Noise Ordinance Bombs
Highlights from Hair Balls
Noise Ordinance Bombs
Cases dropped in court.
By Steve Jansen
Local musicians, DJs and bar owners have been under the microscope since Houston City Council overhauled its decade-old sound ordinance on October 10. The new law dropped the Houston Police Department's requirement that officers carry a decibel meter to measure sound; instead, a member of HPD's noise ordinance task force can write tickets based upon audible noise that can be heard from the sidewalk.
Marco Torres of the Houston Press says that DJ Sober, who had been nailed at the oft-busted Boondocks, was one of the ticketed whose case was dropped. The subjectivity of Houston's new noise law — as well as its problems and pitfalls — was explored in the Press's "Sound Effects" cover story May 10.
Joshua Sanders, a registered lobbyist and official spokesperson for the Greater Houston Entertainment Coalition Political Action Committee, sees the case-dropping trend continuing.
"It's what we've been talking about," says Sanders. "In a subjective nature like this, until you actually have a witness show up, have the police show up and have some sort of tangible evidence, it's essentially going to get dismissed."
Matthew Festa, a professor at South Texas College of Law who knows all about the ins and outs of sound ordinances, says that due to Houston's lack of zoning, the new law was bound to fail from the beginning.
"In Houston, with the lack of zoning, you can't say that noise is okay in one neighborhood but we're going to prevent it in another neighborhood...there's no way you can draft a standard."
Lake Thicket Endangered
Developer may fill it in.
By Steve Jansen
In February, a Swedish development and construction company named Skanska snatched up the vacant ARCO building at 15375 Memorial Drive and some of the infrastructure surrounding Lake Thicket, which is home to armadillos, opossums and migratory birds such as Canadian geese.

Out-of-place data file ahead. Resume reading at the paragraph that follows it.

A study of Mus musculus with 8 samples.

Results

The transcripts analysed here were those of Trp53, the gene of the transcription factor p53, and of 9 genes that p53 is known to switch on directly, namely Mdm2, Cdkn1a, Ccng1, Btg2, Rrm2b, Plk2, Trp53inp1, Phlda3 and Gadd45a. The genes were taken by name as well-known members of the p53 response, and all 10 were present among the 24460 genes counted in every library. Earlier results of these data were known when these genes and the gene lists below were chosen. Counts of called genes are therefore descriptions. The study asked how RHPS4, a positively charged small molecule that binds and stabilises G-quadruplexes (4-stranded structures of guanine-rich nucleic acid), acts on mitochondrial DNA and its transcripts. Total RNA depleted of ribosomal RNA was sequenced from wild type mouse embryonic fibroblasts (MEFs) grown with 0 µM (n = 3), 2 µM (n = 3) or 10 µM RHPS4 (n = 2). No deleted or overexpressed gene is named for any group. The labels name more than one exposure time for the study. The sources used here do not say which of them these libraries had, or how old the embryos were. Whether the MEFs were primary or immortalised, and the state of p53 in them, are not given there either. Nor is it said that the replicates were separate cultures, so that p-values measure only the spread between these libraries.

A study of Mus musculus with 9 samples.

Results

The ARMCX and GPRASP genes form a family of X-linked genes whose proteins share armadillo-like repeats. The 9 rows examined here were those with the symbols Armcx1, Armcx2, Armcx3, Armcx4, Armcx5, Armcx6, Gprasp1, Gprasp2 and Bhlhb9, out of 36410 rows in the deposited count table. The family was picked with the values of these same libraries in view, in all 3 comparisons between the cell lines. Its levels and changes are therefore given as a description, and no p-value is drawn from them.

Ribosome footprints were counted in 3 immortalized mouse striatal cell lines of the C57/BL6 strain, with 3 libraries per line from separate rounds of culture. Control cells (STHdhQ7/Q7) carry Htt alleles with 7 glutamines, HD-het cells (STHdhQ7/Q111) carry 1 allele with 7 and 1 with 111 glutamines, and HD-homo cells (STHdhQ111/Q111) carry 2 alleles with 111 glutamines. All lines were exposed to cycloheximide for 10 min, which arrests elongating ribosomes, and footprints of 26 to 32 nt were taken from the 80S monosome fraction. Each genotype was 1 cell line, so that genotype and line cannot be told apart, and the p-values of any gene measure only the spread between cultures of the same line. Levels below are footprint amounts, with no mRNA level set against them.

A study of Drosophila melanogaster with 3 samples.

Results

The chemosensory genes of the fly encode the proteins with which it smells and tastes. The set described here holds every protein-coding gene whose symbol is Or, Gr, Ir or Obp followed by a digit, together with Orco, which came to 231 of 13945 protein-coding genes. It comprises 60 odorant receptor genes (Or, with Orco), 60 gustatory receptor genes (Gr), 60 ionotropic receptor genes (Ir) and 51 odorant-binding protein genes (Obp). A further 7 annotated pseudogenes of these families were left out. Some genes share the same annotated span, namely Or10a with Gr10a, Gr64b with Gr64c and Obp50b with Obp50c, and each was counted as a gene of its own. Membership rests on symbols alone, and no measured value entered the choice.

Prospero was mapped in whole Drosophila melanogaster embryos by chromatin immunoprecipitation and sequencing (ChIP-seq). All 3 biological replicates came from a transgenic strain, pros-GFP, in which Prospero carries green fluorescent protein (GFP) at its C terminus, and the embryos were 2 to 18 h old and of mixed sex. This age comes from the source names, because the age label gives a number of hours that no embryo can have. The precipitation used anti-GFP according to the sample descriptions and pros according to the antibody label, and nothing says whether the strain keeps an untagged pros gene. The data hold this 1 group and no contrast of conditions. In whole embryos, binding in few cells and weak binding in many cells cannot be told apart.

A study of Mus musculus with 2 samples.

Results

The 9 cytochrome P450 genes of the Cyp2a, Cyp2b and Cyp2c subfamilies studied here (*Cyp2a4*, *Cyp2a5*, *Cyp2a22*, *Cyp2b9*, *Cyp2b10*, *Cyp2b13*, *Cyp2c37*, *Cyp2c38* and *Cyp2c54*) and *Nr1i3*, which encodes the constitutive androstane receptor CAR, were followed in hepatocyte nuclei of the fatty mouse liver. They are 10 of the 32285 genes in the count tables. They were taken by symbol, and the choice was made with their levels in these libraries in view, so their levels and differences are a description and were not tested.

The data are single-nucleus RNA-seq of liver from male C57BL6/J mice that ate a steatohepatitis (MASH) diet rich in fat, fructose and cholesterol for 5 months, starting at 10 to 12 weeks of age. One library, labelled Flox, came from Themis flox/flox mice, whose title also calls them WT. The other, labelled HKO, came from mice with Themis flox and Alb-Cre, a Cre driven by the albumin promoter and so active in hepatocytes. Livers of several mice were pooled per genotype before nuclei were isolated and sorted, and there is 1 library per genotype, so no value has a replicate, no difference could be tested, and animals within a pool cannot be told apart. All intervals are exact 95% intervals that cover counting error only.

"They told us that they were going to develop it for both high-rise office buildings and rental housing units," says Memorial Thicket subdivision resident and Save Lake Thicket coalition member Phil Richardson. "When we started talking with them before February, it was with the understanding that they would retain Lake Thicket as part of the development.
"In May, we started hearing that not only was it unlikely that they were going to keep the lake, but they were proceeding to get rid of all of the wildlife from the area, too," adds Richardson.
Even though lake conditions have deteriorated since ARCO abandoned its Energy Corridor digs in 2009, it's still not cool with area dwellers that the European firm, which has branches all over the States, keeps calling the body of water a "retention pond."
Since that's pretty much fighting words to people who love the lake, protests followed. As a result, Lake Thicket has been saved...for maybe just a few more months.
"There are no plans to drain the pond in the immediate future," writes Jessica Murray of Skanska. "We are still very much in the early phases of planning and will not make any determination on the pond until plans have been finalized."
Oooooh. She said the P-word. Twice.
In June or July, the old ARCO site will be leveled while a Lake Thicket game plan is determined. In the meantime, Richardson remains concerned about what could happen if the lake is drained and filled.
"There are wetlands around the lake that could be destroyed," he says. "Plus the lake holds a heck of a lot of water, especially when you have downpours like in [April] 2009. If they fill it in, that sink for rainwater is gone."
Richardson explains that the Memorial Thicket subdivision bit itself in the backside in 1987 when it traded ownership of the lake with ARCO in exchange for ten housing lots, which means that the new owners can do whatever they want.
"The agreement said that residents could continue using the lake," says Richardson. "It was a good deal until it expired after 15 years.
"Now we don't have direct control over it anymore. We should have made it 50 or 100 years. Now we're in this dilemma that we're trying to work through."